An estimated 46.4 million US adults, or approximately 21% of the adult population, self-reported a physician-diagnosed form of arthritis, which is the leading cause of disability in the United States, according to 2005 data collected by the National Arthritis Data Workgroup. The workgroup estimates that by 2030, the number of US adults aged 18 years and older with arthritis or other rheumatic conditions will jump to nearly 67 million (25% of the adult population)—an increase of about 40% (Figure 1).
Figure 1. The number of persons with arthritis is expected to reach 67 million in 2030, an increase of 40% from 2005. Source: Helmick CG, Felson DT, Lawrence RC, et al. Estimates of the prevalence of arthritis and other rheumatic conditions in the United States, part I and part II. Arthritis Rheum. 2008;58:15-35.
About 27 million US adults have osteoarthritis, one of the most common forms of arthritis, an increase from the 1995 estimate of 21 million adults (Figure 2). Rheumatoid arthritis affects 1.3 million US adults, a decline from the estimated 2.1 million adults in 1995 resulting from a combination of more restrictive classification criteria and a drop in prevalence. Approximately 3 million US adults had self-reported gout in 2005, an increase from the 1995 estimate of 2.1 million adults with the condition.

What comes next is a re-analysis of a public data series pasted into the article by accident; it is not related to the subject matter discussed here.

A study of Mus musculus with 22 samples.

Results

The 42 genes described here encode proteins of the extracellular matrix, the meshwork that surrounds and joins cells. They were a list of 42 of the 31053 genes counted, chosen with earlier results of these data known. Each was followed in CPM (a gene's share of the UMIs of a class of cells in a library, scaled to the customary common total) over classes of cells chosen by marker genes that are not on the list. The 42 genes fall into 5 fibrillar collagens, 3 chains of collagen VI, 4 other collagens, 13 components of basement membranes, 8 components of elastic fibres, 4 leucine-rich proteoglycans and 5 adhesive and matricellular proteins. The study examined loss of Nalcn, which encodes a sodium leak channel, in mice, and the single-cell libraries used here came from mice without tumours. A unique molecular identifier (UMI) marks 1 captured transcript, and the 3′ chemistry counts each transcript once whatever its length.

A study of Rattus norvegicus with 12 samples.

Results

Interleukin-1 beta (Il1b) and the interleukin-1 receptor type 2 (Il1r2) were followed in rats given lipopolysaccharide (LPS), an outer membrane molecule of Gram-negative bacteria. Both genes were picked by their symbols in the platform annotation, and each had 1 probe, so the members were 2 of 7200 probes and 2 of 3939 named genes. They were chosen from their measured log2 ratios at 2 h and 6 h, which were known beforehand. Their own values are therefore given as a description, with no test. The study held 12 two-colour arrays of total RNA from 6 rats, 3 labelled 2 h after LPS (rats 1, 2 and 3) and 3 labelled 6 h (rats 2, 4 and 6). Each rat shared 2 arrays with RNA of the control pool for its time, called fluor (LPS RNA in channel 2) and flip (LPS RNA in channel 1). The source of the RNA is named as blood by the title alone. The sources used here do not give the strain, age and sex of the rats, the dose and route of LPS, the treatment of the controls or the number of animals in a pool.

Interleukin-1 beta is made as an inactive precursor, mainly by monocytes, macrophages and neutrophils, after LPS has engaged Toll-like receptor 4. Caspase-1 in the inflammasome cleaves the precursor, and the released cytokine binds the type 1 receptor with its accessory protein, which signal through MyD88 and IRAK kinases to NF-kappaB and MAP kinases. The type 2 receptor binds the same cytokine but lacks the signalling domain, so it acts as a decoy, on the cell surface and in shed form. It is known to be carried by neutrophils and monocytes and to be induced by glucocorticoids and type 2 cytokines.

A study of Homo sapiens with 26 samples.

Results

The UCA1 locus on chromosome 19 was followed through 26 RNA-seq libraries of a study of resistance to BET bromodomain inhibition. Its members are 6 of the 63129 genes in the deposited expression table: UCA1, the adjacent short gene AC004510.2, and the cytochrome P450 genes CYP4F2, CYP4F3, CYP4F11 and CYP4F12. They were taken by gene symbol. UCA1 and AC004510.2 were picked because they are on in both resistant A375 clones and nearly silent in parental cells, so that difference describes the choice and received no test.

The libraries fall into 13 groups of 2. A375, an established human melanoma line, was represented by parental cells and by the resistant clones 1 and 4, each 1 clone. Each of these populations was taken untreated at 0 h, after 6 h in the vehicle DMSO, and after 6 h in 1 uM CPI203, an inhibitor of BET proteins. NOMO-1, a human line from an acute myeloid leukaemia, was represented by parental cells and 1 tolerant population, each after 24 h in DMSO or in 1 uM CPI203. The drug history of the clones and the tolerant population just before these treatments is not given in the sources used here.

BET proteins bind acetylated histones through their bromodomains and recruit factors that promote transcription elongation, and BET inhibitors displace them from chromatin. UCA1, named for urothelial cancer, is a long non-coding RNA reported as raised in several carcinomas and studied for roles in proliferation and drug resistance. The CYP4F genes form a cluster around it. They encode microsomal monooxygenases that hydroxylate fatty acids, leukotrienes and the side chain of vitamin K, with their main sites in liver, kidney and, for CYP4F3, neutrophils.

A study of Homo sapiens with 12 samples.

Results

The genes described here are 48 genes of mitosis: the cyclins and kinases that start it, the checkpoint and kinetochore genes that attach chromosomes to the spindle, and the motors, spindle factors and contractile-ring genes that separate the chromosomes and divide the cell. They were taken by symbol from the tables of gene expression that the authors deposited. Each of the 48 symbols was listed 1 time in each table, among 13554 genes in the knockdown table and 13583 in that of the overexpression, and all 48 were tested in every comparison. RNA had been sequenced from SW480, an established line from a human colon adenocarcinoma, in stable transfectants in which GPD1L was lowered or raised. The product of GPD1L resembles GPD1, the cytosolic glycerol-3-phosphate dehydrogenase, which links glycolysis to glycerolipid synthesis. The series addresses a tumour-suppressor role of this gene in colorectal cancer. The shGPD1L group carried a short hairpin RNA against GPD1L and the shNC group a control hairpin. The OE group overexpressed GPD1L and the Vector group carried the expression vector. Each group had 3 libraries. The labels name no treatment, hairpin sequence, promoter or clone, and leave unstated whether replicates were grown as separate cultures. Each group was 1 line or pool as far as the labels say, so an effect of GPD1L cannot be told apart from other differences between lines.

Figure 2. The incidence of osteoarthritis and gout increased significantly between 1995 and 2005, while that of rheumatoid arthritis declined in part because of more restrictive classification criteria. Source: Helmick CG et al. Arthritis Rheum. 2008;58:15-35.
The workgroup also estimated the 2005 incidence of other rheumatic conditions. An estimated 5 million US adults have fibromyalgia, and between 4 million and 10 million US adults have carpal tunnel syndrome.